In New Times' 2016 summer guide, we're all about keeping cool — from eating and drinking to staycationing. Here's your guide to dining in style.
Surviving summer in Phoenix is easier than you think, and even though a bowl of hot soup may sound oppressive, we’ve got science to back us up on this one, folks. Eating spicy foods helps cool you down (thanks, of course, to the unavoidable onset of sweating) and around here, food doesn’t get much hotter than at Los Dos Molinos
. The New Mexican eatery is known for its sweat-inducing red and green chile. The Adovada Ribs are one of the most popular dishes, and features tender pork ribs smothered in a flavorful sauce made with chili powder, chile flakes, garlic, and cumin. A giant, hot stone bowl of spicy tofu soup at Chodang is also likely to get your pores producing. The Korean eatery serves bubbling stone vessels of soft tofu soup loaded with everything from beef and mushrooms to kimchi and clams. The soup is so hot when it arrives at your table, a raw egg dropped into the broth cooks itself in a matter of minutes. And then there’s BP Street Cafe
, the family-run Malaysian restaurant in Tempe where house-made sambal hot sauce makes its way into many a spicy meal. For a straightforward infusion of flavor, try the sambal fried rice. It may not burn at first bite, but it builds to a steady heat by the time you’ve finished eating.
You could also go the usual route for handling the heat and avoid putting anything in your mouth that’s not served cold. For this, try the chicken salad sandwich at Central Phoenix’s Pane Bianco
. Made with Ridgeview Farms chicken, mustard, apples, and arugula, it’s a sweet and savory combination that’s filling but still light, a necessity when battling oppressive summer heat. And as proof that you don’t have to go boring to keep things cool, look to China Magic Noodle House, where a plate of cold marinated pig ears delivers both flavor and heat relief. Each slice of chewy porcine goodness offers a pleasing contrast of spicy and cool.
Seafood lovers also have plenty of options when it comes to cold plates, and almost anyone can admit there’s nothing better than kicking back with a platter of ice-cold oysters on a hot summer day. Little Cleo’s Seafood Legend
makes this easy and affordable during happy hour, when for one blissful hour, you can order as many fresh oysters as you can slurp for just $1 a piece. There’s also value to be had at Scottsdale’s new Ahipoki Bowl
, a fast-casual spot where you can build your own Hawaiian-style poke bowl with raw fish, sauces, and toppings ranging from avocado and seaweed salad to fish roe and fried onions.
Post-meal relief from the summer weather is even easier to find, since just about every Valley neighborhood has its own well-loved ice cream spot. For the moment (another location is coming to downtown Phoenix), there’s only one Snoh Ice Shavery
, though, and it’s a worth-the-drive destination for Taiwanese shaved ice. Creamy like ice cream but so light it disappears as soon as it hits your lips, this dessert comes in both familiar and exotic flavors including Thai tea and taro. Top yours with mango, mochi, or Cinnamon Toast Crunch, and then glaze it with butterscotch, chocolate, or sweet condensed milk. And that’s not the only rare frozen treat to be found in metro Phoenix. We’ve also got a destination for Thai-style ice cream rolls, a treat already popular in cities such as Los Angeles and New York. The roll frees ice cream from its usual scoop-shaped constraints with a flattening-then-rolling technique that makes one of summer’s favorite desserts even more fun to eat. To see for yourself, head to Gateway Park in El Mirage, where you’ll find the Nomadic Ice Cream Rolls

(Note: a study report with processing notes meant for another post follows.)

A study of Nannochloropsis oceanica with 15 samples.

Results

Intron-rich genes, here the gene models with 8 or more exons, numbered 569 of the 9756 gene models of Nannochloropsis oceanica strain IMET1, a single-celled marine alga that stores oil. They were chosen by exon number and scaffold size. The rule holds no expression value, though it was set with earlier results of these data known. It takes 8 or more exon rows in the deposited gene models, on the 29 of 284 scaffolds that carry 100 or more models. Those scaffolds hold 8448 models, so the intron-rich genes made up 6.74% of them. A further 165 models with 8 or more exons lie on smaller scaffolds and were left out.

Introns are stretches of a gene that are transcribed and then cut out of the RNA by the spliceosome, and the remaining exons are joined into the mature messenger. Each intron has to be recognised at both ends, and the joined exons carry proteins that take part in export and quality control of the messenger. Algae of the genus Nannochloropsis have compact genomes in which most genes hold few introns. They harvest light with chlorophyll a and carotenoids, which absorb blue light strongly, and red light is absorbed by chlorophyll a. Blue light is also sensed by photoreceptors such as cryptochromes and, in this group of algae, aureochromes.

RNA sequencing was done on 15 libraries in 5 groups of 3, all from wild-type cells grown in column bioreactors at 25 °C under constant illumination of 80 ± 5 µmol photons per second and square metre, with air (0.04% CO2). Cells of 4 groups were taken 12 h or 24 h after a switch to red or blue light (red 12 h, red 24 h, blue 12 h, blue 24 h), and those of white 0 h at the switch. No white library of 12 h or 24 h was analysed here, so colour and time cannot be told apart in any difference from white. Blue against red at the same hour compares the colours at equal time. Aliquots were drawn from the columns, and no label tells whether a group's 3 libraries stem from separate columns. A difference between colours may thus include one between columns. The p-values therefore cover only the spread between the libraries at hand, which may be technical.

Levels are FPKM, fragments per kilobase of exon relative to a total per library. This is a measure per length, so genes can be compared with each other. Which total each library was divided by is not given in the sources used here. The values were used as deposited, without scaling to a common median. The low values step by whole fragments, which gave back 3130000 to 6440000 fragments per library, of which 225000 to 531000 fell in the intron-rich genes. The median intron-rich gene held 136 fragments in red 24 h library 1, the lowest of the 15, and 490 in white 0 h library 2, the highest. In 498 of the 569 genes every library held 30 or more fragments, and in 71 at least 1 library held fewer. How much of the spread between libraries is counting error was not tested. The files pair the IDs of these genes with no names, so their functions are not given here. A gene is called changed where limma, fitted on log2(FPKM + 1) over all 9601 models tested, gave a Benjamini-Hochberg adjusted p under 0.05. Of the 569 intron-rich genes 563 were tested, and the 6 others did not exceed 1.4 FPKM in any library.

cart on Tuesday and Thursday nights from 4:30 to 9 p.m. and on the weekends from 2 to 9 p.m. And don’t worry, dairy-averse diners, we didn’t forget you. For a frozen snack that leaves out the milk, there’s Nami
in Phoenix, where soy-based soft serve can be swirled with any number of healthy and not-so-healthy add-ins.
But if a single plate isn’t enough of an escape, head underground to cool off at The Salt Cellar
, a longstanding seafood restaurant in south Scottsdale. Found one story below street level, this tucked-away eatery puts you well beyond the reach of the desert sun, where you can dig into bowls of halibut ceviche and ice-cold shrimp cocktail. Durant’s
also makes a great getaway from the weather. This classic Central Phoenix steakhouse is dark and cool enough to make you forget about the heat while you enjoy familiar fare such as prime rib, broiled steaks, and lamb chops in a vintage atmosphere. And there’s hardly a more obvious hideout than Dick’s Hideaway
, a cozy bar and restaurant specializing in New Mexican-style cuisine. Here you’ll find brunch served every day until 4 p.m., and a dinner menu that includes enchiladas, chile rellenos, and grilled pork chops stuffed with spicy chorizo.